A new album from The Beatles will be released in November showcasing songs the Liverpool band recorded in the BBC's studios. The record, entitled On Air - Live At The BBC Volume 2, will serve as the sequel to 1994's Live At The BBC and will feature ten unreleased songs from the 1960s that the band never recorded for their record label EMI.

The Beatles
A New Album Of The Beatles' Songs Will Be Released In November.

The rarities, according to The Independent, will include the famous four-piece's cover of Chuck Berry's 'I'm Talking About You' and the 19th century, oft covered 'Beautiful Dreamer.' All live-to-air pieces without editing, the songs will only emphasise The Beatles' musical proficiency and ability to make great music together.

The Beatles Interview
The Band Gelled Well In The Studio, Bantering With Each Other And The Hosts.

The 63 track compilation has been extracted from the impressive 275 unique musical performances The Beatles played for the BBC Between March 1962 and June 1965 and will also include 23 previously unreleased excerpts of studio conversation. Famed for their sharp wit, the band can be heard bantering with their BBC radio hosts, including Brian Matthew and Alan Freeman.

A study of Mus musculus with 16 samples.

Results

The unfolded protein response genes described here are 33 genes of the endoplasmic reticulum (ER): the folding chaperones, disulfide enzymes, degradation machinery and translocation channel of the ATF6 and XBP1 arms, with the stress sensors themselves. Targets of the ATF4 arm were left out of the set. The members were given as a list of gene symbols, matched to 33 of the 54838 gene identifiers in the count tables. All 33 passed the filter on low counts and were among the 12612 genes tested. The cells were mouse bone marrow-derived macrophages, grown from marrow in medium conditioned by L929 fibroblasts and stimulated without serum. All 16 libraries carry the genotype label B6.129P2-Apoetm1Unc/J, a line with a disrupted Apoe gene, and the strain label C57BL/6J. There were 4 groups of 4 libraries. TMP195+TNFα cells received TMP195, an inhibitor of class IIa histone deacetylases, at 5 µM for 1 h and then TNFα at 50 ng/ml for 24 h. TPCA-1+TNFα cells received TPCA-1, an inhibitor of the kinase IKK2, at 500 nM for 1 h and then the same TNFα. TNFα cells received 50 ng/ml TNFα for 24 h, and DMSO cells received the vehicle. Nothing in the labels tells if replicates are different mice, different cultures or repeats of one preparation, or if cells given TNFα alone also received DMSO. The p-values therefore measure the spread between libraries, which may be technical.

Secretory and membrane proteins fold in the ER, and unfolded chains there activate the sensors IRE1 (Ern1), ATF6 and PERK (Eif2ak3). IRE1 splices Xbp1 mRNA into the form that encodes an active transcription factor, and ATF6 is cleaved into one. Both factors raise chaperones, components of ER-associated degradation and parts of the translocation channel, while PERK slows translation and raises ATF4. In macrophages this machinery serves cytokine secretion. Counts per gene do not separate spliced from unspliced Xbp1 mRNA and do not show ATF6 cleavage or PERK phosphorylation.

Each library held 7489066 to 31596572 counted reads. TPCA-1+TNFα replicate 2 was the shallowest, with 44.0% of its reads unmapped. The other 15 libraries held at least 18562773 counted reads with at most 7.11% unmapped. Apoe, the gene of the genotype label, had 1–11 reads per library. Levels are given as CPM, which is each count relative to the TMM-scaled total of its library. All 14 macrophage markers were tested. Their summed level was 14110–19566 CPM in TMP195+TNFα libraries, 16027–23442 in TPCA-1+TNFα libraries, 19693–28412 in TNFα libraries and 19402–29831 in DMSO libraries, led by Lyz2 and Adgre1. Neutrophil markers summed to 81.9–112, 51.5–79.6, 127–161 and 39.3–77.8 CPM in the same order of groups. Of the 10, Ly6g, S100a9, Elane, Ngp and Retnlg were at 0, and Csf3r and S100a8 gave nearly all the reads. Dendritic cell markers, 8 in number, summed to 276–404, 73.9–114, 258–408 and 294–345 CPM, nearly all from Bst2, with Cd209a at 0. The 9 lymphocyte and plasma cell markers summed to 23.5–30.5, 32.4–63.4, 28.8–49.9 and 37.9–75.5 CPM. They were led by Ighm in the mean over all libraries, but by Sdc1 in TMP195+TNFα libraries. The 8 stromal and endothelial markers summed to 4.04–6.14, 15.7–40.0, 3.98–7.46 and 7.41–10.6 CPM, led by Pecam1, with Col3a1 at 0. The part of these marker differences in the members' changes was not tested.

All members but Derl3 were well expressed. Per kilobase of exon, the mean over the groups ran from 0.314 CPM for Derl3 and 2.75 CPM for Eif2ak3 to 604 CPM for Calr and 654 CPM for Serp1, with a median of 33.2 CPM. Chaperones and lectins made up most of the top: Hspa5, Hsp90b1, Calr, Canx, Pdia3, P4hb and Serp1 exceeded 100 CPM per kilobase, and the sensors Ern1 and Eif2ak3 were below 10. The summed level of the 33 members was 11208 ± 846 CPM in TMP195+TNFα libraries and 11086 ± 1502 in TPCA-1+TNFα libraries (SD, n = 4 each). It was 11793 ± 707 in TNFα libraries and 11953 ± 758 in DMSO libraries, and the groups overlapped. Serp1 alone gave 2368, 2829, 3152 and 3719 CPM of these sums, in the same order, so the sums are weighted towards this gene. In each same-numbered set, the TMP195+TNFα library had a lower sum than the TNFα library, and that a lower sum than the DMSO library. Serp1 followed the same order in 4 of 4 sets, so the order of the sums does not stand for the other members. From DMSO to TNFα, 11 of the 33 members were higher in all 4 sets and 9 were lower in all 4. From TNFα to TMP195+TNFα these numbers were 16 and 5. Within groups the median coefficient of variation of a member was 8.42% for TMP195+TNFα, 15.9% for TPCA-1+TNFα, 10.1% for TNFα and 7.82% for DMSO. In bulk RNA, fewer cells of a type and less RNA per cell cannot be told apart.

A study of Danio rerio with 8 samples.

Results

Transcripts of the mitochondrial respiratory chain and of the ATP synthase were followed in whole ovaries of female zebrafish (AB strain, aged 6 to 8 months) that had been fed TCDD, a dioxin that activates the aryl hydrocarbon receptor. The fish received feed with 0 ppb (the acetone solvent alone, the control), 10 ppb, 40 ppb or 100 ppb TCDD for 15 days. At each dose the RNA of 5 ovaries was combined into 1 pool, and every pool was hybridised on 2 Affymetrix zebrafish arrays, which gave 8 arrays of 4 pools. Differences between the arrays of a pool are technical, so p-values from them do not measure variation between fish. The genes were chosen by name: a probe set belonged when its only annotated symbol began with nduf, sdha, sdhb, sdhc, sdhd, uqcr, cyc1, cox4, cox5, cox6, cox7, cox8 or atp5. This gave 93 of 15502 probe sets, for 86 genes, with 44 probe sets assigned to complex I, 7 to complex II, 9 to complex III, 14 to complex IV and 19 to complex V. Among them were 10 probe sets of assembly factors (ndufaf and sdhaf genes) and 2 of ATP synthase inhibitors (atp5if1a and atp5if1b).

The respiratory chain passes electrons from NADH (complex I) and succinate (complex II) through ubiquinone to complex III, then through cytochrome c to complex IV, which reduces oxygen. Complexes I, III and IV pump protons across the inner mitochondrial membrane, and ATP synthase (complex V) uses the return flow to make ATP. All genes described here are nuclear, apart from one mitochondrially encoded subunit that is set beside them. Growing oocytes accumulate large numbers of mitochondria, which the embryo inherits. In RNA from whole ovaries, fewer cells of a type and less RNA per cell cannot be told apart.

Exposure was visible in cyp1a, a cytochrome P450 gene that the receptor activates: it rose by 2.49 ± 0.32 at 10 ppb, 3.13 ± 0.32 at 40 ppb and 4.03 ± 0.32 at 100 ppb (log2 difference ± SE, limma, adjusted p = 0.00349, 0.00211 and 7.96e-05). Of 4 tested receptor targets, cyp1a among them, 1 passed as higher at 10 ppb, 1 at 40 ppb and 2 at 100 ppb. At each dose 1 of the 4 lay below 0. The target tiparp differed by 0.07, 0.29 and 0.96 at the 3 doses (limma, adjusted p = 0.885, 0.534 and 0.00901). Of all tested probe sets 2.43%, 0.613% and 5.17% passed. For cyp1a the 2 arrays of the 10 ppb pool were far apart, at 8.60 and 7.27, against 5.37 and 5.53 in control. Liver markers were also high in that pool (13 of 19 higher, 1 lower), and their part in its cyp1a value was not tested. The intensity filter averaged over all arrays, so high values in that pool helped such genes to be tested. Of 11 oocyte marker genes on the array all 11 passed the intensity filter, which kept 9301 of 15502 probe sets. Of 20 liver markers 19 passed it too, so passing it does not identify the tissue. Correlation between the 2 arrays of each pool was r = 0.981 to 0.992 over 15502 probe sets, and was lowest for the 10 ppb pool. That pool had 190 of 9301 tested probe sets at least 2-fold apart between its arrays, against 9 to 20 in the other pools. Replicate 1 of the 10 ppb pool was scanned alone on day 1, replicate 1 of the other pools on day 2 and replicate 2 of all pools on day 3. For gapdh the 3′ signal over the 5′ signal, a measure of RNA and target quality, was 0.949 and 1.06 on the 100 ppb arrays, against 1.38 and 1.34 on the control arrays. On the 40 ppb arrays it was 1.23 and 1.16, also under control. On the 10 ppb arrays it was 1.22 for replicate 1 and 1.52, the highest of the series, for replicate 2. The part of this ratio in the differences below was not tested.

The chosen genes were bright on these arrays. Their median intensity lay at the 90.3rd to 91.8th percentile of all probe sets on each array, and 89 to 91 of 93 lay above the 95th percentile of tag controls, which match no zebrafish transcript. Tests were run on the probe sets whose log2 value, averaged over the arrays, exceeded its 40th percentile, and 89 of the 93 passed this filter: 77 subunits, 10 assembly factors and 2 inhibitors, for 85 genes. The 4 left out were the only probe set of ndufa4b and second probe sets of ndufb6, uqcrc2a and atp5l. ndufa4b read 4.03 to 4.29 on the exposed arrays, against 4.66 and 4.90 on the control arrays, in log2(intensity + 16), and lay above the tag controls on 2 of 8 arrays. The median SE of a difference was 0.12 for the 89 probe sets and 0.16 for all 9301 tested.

The Beatles Band
The Beatles Were Inspired By The BBC.

Sir Paul McCartney has spoken warmly of the imminent release, saying "We'd been raised on the BBC radio programmes. One of the big things in our week was Saturday Club - this great show was playing the kind of music we loved, so that was something we really aspired to," adding "The album includes The Beatles' tribute to the BBC's most important pop show of the early '60s - "Happy Birthday, Dear Saturday Club."

The Beatles
Though The Band Are No Longer Around, The New Record Will Be A Welcome Treat For Fans.

The new album will also include different versions of 30 Beatles classics such as 'I Saw Her Standing There' and cover versions of Ray Charles' 'I Got A Woman.' There will also be two songs they learned from Carl Perkins, "Glad All Over" and "Sure To Fall," on the On Air set of recording that McCartney calls "the best performance of our lifetimes."

"There's a lot of energy and spirit. We are going for it, not holding back at all," he said.